Gil Mildar
As the song says, a Latin American with no money in his pocket.

Who steps up?

Note to the reader: I don’t aim to mar the memories of our departed siblings or dilute the urgent calls to bring home our abducted kin. My intent is strategic, taking a step back to assess the bigger picture beyond our immediate grief. I apologize if my words don’t demonstrate my profound respect for the families caught in these tragedies. But we need to talk about this, with our hearts open and our minds razor-sharp. So, shall we begin?

As a manager, I’ve always held in high regard Michael Porter’s concept of “sustainable competitive advantage.” The idea isn’t just to be good but to continually excel in a way others cannot easily replicate. And if there’s one thing our current government has failed to maintain, it’s an advantage in the narrative. Do you understand? We were attacked, over 1,400 lives were unjustly and violently taken, and our leaders remained silent, allowing Hamas to hijack the story.

This void in the narrative has made life perilous for Jews worldwide. Our government, through its strategic ineptitude, is jeopardizing the lives of every Jew on the planet. Are we really just going to sit back and accept this? Our leadership, long boasting of their prowess in narrative manipulation, is now being outplayed at their own game. But this fight isn’t just about weapons and stories. We’re also fighting for the soul of our nation, for our place in the global community, for our very identity. Do you realize we’re allowing someone facing three criminal charges, flanked by far-right extremists and some Haredim, to represent us in all this?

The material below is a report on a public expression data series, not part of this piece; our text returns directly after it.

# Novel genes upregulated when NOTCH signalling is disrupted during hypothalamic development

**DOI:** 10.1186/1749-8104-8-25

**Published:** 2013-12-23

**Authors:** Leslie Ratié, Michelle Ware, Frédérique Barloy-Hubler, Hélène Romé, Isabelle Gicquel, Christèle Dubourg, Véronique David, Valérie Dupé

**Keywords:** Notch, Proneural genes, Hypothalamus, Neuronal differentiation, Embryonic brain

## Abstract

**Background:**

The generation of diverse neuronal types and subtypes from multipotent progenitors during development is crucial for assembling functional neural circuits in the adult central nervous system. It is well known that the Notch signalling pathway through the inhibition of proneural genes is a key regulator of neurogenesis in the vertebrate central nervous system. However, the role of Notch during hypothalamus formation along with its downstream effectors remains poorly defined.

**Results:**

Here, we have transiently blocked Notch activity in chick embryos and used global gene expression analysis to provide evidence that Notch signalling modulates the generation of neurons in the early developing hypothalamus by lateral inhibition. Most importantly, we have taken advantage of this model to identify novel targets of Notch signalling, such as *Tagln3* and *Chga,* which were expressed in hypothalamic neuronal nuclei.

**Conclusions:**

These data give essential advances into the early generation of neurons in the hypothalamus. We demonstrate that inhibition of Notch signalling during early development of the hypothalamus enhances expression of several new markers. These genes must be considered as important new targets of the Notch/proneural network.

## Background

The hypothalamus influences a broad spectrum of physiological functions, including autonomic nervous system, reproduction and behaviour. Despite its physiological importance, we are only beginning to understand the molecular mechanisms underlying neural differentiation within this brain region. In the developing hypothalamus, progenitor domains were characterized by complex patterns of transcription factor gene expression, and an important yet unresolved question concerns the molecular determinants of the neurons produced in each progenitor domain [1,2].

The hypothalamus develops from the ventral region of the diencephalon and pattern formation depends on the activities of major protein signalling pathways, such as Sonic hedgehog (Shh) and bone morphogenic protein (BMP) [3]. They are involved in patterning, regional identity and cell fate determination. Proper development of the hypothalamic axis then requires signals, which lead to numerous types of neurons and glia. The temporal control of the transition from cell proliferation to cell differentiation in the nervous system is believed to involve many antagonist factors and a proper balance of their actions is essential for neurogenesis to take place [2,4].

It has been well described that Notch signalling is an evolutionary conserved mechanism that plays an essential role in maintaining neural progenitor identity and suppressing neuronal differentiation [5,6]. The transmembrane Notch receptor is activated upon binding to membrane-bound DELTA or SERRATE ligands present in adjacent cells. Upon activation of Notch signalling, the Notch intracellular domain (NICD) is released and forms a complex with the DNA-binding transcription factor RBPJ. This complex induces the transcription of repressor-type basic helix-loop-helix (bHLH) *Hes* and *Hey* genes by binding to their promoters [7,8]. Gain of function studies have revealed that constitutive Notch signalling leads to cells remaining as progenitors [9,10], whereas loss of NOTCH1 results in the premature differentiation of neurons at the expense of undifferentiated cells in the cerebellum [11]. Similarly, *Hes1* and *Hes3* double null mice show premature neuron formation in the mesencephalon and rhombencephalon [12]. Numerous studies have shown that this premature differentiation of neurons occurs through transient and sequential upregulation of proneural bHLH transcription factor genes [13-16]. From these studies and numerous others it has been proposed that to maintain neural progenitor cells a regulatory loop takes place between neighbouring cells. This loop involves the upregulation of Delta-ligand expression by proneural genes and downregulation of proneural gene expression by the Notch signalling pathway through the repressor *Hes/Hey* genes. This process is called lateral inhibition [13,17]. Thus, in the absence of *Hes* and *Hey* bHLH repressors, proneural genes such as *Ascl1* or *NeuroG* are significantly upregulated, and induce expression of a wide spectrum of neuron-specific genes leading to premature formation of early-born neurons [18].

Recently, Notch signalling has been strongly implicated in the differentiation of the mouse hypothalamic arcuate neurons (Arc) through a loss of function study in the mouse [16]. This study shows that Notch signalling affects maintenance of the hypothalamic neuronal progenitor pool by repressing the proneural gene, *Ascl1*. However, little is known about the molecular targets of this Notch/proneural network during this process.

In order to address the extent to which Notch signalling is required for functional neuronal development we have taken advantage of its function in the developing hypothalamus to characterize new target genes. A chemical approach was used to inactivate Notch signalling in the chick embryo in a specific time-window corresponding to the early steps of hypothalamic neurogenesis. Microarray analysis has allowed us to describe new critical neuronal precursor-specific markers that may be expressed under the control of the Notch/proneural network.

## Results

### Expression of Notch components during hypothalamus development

This is the raw material that molds our national essence, the core that transcends mere strategy and seeps into every action, every decision we make. It’s the indelible signature of our collective character. And now, more than ever, it’s imperative to act— to reclaim our narrative, to assert that “sustainable competitive advantage” which extends beyond the battlefield and resonates in the global conscience. But to do so, our actions must mirror our values, bear living testament to the kind of society we aspire to be. The narrative is there, waiting to be woven, but first, we must prove ourselves worthy material for such a tapestry.

So, who steps up?

About the Author
Gil Mildar is a 60-year-old Brazilian who made Aliyah a few years ago. He holds a Law degree from the Universidade do Vale do Rio dos Sinos in Brazil and a postgraduate degree in Marketing from the Universidad de Belgrano in Argentina. Over the years, he has had the opportunity to work in Brazil, Argentina, South Africa, and now Israel. For the past 30 years, his focus has been on marketing projects in Latin America.